CONSUMER GAL: Supply chain issues and new cars
| November 4, 2021 1:00 AM
Those in the market for a new car may have noticed there's a shortage. This is expected to continue for an extended period of time due to microchip shortages and other supply chain constraints.
If you need a replacement vehicle, a used vehicle may be your only option, so here are some thoughts to keep in mind.
Before you complete a deal, sign paperwork and/or transfer money, have the car thoroughly inspected by a reputable mechanic. And I recommend this for every transaction, regardless of any written or verbal representations made. Better to discover any problems before making the deal, rather than trying to recover damages after the fact.
Beware of some internet sites that bring the car to you and offer a limited time to return the car for a full refund. Don't rely on their representations of the car; get your own inspection done immediately. In fact, you may want to set this up in advance with your mechanic, as auto repair is another field that seems to be experiencing longer wait times than normal.
If you buy from a dealer you'll likely be offered additional items to purchase, including an extended warranty. I generally don't recommend warranties on used car purchases, because too often the warranty company will blame a problem on prior owner abuse or negligence and refuse your claim.
Other potential issues with warranties are limits on where you can go for repairs, limits on amounts paid for certain repairs, and having to seek approval before starting repairs.
If you do a thorough pre-purchase inspection, the inspector should be able to give you an idea of the vehicle's overall condition and what upcoming services will be needed.
Another complaint I've heard on used cars is difficulty obtaining a title. Without a valid title you can't register your car; the excuse I've heard sellers use is to blame the pandemic. Same excuse so many use these days — hope it ends soon.
You might be able to have your deal undone if the seller can’t deliver on the title, but who wants that when the price of used cars continues its upward trend?
The FBI and the Federal Trade Commission have issued warnings to consumers about fake job ads. Employers using the internet to advertise jobs are becoming more prevalent, especially since COVID.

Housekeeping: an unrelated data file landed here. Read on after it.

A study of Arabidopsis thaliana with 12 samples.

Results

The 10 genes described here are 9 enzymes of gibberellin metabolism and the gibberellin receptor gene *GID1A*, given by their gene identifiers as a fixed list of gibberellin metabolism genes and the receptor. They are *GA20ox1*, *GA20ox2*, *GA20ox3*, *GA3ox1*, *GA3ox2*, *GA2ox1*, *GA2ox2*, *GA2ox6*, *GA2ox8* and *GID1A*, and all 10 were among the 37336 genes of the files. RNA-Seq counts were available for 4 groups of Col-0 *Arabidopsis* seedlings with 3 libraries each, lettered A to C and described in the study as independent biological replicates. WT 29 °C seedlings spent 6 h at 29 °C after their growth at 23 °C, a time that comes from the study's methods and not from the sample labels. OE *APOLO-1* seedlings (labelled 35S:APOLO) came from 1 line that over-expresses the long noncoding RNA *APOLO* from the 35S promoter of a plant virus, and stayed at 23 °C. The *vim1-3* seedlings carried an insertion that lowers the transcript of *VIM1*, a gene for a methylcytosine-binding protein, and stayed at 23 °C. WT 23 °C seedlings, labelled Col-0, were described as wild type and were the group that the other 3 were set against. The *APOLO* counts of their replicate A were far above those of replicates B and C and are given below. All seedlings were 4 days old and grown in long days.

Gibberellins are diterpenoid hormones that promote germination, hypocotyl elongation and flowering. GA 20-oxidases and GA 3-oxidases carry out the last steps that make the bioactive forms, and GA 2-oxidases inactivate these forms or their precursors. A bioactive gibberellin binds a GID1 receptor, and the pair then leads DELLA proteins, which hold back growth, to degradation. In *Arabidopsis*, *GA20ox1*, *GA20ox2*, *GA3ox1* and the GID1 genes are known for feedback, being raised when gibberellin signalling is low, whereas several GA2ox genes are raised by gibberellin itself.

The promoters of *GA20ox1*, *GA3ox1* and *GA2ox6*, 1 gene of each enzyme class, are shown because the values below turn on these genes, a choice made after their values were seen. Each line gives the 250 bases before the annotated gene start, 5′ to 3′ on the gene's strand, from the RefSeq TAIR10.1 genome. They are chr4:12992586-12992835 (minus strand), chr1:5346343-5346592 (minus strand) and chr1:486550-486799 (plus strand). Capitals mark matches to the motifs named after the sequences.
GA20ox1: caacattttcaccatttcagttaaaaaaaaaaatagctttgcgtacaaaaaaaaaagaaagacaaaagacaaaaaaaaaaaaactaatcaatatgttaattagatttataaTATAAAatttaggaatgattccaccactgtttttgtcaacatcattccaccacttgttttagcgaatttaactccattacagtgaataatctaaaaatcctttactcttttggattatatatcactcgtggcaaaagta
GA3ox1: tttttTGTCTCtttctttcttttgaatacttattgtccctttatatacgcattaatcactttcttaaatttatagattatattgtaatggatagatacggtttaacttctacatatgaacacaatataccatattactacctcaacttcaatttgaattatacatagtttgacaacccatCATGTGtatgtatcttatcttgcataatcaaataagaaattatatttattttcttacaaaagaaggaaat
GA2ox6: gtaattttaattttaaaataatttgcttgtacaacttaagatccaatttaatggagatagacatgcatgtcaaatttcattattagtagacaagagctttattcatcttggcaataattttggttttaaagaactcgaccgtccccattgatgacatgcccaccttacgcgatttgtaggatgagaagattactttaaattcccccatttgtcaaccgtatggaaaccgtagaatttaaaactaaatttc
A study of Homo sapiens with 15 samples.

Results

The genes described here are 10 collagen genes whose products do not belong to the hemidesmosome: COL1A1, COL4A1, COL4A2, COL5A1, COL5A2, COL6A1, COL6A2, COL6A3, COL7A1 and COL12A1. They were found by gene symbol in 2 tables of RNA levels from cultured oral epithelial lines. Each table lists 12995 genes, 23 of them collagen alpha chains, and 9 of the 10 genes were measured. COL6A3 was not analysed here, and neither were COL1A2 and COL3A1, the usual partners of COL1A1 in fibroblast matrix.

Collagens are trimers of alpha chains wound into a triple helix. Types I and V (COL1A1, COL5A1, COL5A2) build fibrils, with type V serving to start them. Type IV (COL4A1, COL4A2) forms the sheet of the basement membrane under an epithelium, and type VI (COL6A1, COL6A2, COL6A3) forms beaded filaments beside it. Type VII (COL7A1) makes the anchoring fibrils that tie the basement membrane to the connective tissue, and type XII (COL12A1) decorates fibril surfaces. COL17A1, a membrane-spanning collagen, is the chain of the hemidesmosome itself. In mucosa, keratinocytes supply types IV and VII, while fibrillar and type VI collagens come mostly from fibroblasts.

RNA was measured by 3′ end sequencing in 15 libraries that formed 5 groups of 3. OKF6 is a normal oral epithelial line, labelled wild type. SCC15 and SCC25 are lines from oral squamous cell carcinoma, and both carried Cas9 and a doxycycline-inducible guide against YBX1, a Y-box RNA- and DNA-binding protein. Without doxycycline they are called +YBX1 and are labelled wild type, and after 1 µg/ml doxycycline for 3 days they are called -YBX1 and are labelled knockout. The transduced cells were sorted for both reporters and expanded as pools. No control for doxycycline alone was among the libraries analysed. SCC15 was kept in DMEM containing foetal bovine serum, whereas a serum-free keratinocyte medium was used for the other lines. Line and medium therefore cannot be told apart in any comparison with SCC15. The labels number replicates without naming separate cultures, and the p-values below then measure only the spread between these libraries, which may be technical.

Facebook, LinkedIn and Indeed are just a few of the online spaces that advertise well-paying jobs, but be careful — because as enticing as these jobs may sound, some of them aren't real. In many of these fake ads, applicants are being asked to provide their Social Security numbers and other sensitive details up front. This allows the bad actors to use the information to apply for unemployment benefits.
Cybercriminals have picked up on the fact that authorities have heightened the identity verification requirements for receiving benefits. Due to the massive wave of unemployment insurance fraud, applicants whose names are used to apply for unemployment benefits might now need to verify on their smartphones that they are actually the one seeking assistance.
This new layer of screening makes the process similar to two-factor authentication and hopefully harder for scammers to cash in on benefits fraudulently.
The new verification process means that scammers may need help from their victims to get the information they need to file phony unemployment applications for benefits.
One fake job website for Spirit Airlines asks applicants to upload a copy of both sides of their driver’s license at the outset of the process and then sends the applicant a follow up email seeking additional information. However, if you look very closely, often there will be an extra letter in the company name, indicating it's a fake website. Also, a look at the real website reveals that there is no such requirement to upload a driver’s license to apply.
With fraud so rampant, you can't be too careful about ensuring that your personal information is protected. When you're looking for jobs online, also be careful when getting job offers without even being asked for an interview.
In addition, if you get a strange inquiry about applying for unemployment benefits when you did not, you should check it out with the Idaho Department of Labor to make sure someone else didn't file a claim in your name.
If they did, you can report the identity theft at the Idaho Department of Labor’s website: https://bit.ly/3CKXRiU
To avoid these types of scams, pay particular attention to the URL, any email address or any inconsistencies in the website information from what you're being asked to provide. Some websites are very elaborate and can fool people while others are easier to detect.
For example, if a site claims to be from a location in Los Angeles, but the person attached to the website is from Jamaica with an email indicating they're from outside the U.S., this is most likely a scam.